Thursday, March 5, 2009

Security, legitimacy, the State

I've mentioned the issue of piracy before. Piracy is imposing a cost and a brake on international trade. Australia is a country whose economy is crucially tied to others by international trade. Piracy is flourishing because states are becoming weak. Why are states so weak?

States exist because at an earlier time they were forged from disparate social elements existing in a defined geographic area by an elite of some kind using force. This elite may have been originally a group of predators who discovered it was better to settle among the population and milk them via taxes rather than raid, rape and pillage on an occasional basis. Over time the elite becomes compromised by dilution or by some other means which weakens their grip. The bulk of the population forces political compromise on the elite such as habeus corpus or some sort of representative body which helps broker power relationships. Eventually democracy may arise.

As political power spreads and trickles down into the population, politics becomes dominated by special interests, careerists and administrators. Loyalty to the state becomes less visceral and more nuanced: loyalty to ones subgroup or to procedure or to an institution or ideal becomes more common and loyalty to the elite as a primary loyalty less so. Legalism flourishes and the state becomes less flexible as more energy becomes absorbed in administration and maintenance. Novel situations and threats can be difficult to respond to because loyalties are now diffuse, many interests need to be appeased before action may be taken and those directly threatened may be forced to work through agencies which are not threatened and which feel little sense of urgency in solving the problem.

And so we now have a situation where powerful warships hang about off the coast of Somalia but seem incapable of taking decisive action against lightly armed pirates in small open boats flitting among them, seizing passing merchant vessels. While complex administrative procedures govern relations within states and make them run generally in a predictable and functional way, relationships between states are far cruder and more tenuous: more dependent on personal relationships between individual leaders and ad hoc arrangements. The United States has successfully led a campaign to undermine the legitimacy of the United Nations, a body which could have brought order to the international situation in a way national governments have brought order internally. This is why the pirates can operate in a number of areas with impunity: internationally law and order are weak. For states like Australia which depend on international law and order for the functioning of their economy this represents a grave and growing threat.

International disorder is beginning to fray nation states at their edges. Many already have their legitimacy weakened by the forces operating internally which I've mentioned above. Over the next few years as the world economy goes through the stresses of financial meltdown, oil supply problems and the economic recessions brought on by all this we can expect many states to begin to break up and others to to act more aggressively in order to try and shore up their legitimacy. Energy shortages will reduce the power and legitimacy of all states. Less oil means less economic activity and the taxes which derive from it. Oil has powered industrial civilisation. In Australia the Federal government and hence State governments depend on large revenues from sales tax which is mainly attached to consumer goods and services. As the consumer society dies so will this revenue. Those dependent on the Federal and State governments for income or support — public servants, teachers, doctors, armed service personnel and social security recipients — will see their income decline very noticeably and as it does so will their dependence, attachment and loyalty to the State.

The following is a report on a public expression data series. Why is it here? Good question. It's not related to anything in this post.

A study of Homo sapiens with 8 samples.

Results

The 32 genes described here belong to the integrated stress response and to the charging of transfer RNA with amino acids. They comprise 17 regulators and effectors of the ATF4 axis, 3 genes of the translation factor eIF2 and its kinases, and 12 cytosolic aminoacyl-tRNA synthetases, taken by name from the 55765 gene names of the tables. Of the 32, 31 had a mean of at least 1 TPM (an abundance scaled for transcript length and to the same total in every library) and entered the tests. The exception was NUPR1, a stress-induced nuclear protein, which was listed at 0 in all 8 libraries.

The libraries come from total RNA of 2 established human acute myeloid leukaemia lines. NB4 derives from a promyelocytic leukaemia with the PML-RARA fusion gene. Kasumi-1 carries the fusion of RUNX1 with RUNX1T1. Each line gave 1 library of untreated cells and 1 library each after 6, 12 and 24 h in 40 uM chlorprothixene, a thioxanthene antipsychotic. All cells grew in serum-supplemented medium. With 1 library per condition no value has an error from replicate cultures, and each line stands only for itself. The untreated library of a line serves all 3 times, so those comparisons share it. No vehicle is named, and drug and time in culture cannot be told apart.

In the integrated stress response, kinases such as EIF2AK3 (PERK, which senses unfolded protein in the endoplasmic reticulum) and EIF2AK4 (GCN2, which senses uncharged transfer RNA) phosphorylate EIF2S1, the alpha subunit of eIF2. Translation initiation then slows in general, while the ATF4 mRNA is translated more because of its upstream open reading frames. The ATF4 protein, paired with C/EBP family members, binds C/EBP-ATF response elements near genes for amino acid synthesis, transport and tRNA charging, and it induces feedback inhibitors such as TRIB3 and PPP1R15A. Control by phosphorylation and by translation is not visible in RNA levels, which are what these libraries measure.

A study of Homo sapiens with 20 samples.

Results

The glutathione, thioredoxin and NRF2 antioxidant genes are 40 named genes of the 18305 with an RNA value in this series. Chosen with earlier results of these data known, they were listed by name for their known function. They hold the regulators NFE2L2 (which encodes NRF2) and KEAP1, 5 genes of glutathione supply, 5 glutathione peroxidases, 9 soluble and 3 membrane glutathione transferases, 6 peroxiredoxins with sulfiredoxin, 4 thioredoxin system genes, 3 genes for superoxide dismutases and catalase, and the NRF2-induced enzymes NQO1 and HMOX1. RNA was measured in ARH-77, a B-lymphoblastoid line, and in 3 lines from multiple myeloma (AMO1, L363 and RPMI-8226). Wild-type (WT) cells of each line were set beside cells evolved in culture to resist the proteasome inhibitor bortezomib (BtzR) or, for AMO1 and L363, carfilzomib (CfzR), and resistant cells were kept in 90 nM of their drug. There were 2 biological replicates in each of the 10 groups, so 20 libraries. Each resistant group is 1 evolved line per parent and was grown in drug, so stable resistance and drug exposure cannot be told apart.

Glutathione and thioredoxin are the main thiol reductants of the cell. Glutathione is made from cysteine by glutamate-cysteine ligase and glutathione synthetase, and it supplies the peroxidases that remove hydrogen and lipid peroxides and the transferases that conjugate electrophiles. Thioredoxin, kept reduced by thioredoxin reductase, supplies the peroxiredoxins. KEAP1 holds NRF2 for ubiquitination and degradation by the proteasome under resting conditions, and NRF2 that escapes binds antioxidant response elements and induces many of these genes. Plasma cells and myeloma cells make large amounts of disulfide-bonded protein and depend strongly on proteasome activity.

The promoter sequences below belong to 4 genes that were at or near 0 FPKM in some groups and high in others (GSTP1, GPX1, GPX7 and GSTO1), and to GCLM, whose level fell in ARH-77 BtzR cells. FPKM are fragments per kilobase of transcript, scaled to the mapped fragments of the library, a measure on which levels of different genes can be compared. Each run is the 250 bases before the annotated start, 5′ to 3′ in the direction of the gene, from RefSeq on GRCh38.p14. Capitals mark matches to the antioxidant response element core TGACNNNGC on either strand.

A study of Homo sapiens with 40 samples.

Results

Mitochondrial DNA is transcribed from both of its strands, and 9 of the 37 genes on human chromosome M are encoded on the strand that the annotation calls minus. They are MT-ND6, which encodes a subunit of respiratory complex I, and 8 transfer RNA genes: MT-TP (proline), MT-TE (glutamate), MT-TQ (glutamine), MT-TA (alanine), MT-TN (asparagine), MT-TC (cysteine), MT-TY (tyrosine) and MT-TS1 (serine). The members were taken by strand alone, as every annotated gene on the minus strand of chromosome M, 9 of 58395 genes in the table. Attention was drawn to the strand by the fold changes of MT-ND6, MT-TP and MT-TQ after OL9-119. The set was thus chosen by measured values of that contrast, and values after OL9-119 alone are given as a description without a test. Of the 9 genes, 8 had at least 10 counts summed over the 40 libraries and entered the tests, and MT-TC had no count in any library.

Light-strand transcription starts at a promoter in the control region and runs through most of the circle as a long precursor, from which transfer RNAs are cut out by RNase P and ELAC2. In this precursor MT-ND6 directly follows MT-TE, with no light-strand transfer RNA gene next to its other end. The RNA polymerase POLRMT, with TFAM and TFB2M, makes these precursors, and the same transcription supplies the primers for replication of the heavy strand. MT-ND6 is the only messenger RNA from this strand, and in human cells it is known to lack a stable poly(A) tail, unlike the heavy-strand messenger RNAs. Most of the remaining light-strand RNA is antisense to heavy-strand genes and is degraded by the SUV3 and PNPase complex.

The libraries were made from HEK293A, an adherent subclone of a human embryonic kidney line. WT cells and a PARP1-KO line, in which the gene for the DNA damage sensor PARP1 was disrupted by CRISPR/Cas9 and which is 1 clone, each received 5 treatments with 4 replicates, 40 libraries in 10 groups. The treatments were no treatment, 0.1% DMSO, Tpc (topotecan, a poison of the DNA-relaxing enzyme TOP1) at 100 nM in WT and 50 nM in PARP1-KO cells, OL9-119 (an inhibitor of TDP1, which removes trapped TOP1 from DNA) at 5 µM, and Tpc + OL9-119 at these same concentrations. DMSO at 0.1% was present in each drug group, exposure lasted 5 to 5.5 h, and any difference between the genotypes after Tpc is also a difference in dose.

All this will mean increasing disorder and insecurity internationally and as prosperity declines, within states. How strong is Australia as a nation and what kind of threats can we expect? I've mentioned the economic threat which a breakdown in international trade represents: this could weaken Australia's ability to maintain a strong federal system. Individual states may well feel less attached to the others. Queensland will be bordering unstable regions to the north and will find it impossible to maintain border security. Western Australia will be so isolated that it may feel no need to remain attached to the rest of the country.

Within individual states politics will change. As the corporate entities which now dominate political life wither and die along with the industrial system which supported them, other players will emerge. Who will those players be? Will Australia devolve into a loose collection of city states dominating their surrounding countryside? How stable and prosperous will they be?

It's easy to foresee the course of the next few years or decades but further out becomes the realm of pure speculation. I'm currently writing a novel which runs with some of these ideas and I'll be posting it on this site later in the year. In the meantime have a look at this essay on piracy by William S. Lind. To quote from his conclusion…
Piracy is only the barometer; the storm will be something else. That storm is coming, and soon, as Brave New World’s promise of unending material wealth in return for acceptance of an administered life proves a lie. By the time the storm is over, the elites that fear to hang pirates will be hanging from lampposts themselves.